This issue we are going to conclude our exploration of the Bahamas by visiting the remaining southern islands, which are rarely visited compared to other areas of the Bahamas.
San Salvador is recognized as the first landing site Christopher Columbus made in the new world. There are numerous monuments commemorating this sailing feat. Most are on the leeward side where archeologists think he set foot for the first time near a native settlement, but there is also one on the windward side that seems to be the oldest. There is even a monument in the middle of the bay where he dropped anchor.
At the south end of the island you will find Watling’s Castle. Folklore states this was the retreat erected by pirate John Watling in 1680 with a panoramic view of the southern part of the island. As romantic as this tale is the reality is that it was simply a plantation house built a hundred years later in history with an interesting natural cellar. At the north end of the island Dixon Hill Lighthouse was built in 1856. It is hand operated and stands 163 feet above the water. It is one of only 4 kerosene lighthouses left in The Bahamas and one of ten in the world.
Don’t miss Rum Cay, 20 miles to the southwest. The island got its name due to a ship wrecked while carrying rum. Another ship that wrecked on the reef is the 101 gun man-o-war HMS Conqueror, which went down in 1861 and is still visible in 30 feet of water. Sailing to the northwest corner of the island and you will find the beautiful, but open Flamingo Bay. As long as you watch out for the numerous coral heads you can navigate without a problem. This is a great place to dinghy or kayak several miles across the north of the island to Hartford Cave. Here you will find a treasure trove of Lucayan petroglyphs or rock carvings. The island also has a massive salt pond.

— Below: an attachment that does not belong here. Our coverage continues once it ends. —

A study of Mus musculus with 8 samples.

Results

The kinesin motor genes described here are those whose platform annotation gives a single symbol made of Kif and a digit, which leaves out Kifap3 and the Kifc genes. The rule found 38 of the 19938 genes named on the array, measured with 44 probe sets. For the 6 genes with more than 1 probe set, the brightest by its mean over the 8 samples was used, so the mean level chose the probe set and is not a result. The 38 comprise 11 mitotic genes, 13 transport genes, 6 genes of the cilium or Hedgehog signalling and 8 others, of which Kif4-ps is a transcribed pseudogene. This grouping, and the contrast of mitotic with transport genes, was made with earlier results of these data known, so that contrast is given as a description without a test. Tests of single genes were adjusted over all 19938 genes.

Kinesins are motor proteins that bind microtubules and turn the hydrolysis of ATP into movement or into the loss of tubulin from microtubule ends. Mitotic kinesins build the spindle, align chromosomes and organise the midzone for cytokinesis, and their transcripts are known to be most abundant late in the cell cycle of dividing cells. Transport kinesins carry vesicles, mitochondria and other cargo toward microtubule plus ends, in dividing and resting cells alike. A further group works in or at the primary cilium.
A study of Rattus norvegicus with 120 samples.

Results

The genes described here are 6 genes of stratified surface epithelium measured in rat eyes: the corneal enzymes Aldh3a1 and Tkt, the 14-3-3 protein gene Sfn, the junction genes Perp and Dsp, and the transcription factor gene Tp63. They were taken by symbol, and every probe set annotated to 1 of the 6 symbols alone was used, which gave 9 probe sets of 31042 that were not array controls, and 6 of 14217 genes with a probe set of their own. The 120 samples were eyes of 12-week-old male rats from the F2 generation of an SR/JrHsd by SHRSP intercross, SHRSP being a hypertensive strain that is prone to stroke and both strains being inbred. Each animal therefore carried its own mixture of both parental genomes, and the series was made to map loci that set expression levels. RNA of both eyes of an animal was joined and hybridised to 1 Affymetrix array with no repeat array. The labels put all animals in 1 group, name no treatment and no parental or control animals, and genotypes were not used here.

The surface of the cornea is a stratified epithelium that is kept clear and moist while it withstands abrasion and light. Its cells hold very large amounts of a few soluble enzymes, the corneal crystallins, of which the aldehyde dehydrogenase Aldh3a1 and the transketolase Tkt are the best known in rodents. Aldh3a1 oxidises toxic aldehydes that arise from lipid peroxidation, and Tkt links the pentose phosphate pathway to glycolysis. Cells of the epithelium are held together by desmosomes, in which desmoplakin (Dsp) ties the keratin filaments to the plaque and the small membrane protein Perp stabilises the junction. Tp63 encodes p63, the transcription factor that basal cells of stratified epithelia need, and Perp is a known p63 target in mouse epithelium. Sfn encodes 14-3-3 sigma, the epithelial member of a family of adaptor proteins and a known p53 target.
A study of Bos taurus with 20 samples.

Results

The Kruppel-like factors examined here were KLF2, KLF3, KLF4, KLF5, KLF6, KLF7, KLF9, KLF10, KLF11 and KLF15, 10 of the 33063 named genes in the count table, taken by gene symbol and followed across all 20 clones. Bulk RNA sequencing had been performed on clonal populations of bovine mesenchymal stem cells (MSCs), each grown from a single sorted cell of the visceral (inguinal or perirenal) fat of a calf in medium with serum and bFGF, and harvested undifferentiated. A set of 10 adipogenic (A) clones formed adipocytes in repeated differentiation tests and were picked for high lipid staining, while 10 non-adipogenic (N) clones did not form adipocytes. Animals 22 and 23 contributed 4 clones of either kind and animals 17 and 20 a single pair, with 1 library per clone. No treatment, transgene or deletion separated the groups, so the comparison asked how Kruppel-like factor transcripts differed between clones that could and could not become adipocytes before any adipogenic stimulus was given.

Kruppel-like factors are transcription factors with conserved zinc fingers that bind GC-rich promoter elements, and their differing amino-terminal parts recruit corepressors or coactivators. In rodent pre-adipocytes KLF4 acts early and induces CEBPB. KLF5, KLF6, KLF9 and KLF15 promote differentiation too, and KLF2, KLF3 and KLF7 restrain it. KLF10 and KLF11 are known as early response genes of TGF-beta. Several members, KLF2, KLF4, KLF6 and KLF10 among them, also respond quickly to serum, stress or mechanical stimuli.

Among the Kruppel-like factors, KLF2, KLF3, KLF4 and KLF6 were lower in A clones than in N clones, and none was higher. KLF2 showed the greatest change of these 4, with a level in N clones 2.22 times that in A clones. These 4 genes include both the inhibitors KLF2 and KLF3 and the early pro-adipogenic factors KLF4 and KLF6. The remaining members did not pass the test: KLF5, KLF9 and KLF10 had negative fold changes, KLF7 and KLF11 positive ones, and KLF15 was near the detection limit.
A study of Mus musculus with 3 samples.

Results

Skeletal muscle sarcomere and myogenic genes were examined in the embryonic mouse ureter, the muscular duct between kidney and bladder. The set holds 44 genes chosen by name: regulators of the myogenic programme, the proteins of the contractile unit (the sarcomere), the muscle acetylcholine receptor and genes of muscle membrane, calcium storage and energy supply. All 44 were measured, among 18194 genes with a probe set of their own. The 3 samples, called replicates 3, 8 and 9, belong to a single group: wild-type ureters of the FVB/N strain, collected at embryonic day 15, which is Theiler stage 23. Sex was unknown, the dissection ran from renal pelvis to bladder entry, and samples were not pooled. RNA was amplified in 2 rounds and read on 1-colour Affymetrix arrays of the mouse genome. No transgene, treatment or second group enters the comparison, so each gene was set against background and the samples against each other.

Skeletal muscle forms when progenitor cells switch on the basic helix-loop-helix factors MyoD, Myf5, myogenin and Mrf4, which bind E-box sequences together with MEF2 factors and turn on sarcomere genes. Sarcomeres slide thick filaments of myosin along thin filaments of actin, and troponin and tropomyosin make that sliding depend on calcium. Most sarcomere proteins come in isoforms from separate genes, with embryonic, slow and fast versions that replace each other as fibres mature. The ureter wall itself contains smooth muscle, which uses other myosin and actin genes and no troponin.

A mere 8 miles to the northwest is Conception Island. This uninhabited gem of an island is riddled with salt creeks and is a great spot to take the dinghy or kayak exploring. The entire island is only 2 by 3 miles and is part of the Bahamas National Trust. While you are exploring the salt creeks watch for turtles because this is a nesting ground for them. Although the creeks are fascinating don’t forget to dive the many reefs around the island also.
The last three islands are the most remote and least visited islands in the Bahamas. First is Samana Cay with its wonderful yet dangerous reefs. There is a nice anchorage, but it should only be attempted in fair weather and with good eyeball navigation. Here you will find the Bahama Huntia, the only indigenous mammal in the Bahamas, which was thought to be extinct until the 1960’s.
Next is Great Inagua Island where Morton Salt has a huge facility. There is also a large bird colony in the mangroves and swamps.
Last is Mayaguana, with Abrahams Bay on the south side providing a nice anchorage. This a great place to snorkel the amazing reef protecting the bay and rest before heading to the Turks and Caicos, which will be the subject of the next two issues.
Visit www.svGuidingLight.com to read more from Captain Shane about the Bahamas, Caribbean, life aboard, world traveling, and more. You might also want to check out his travel video series.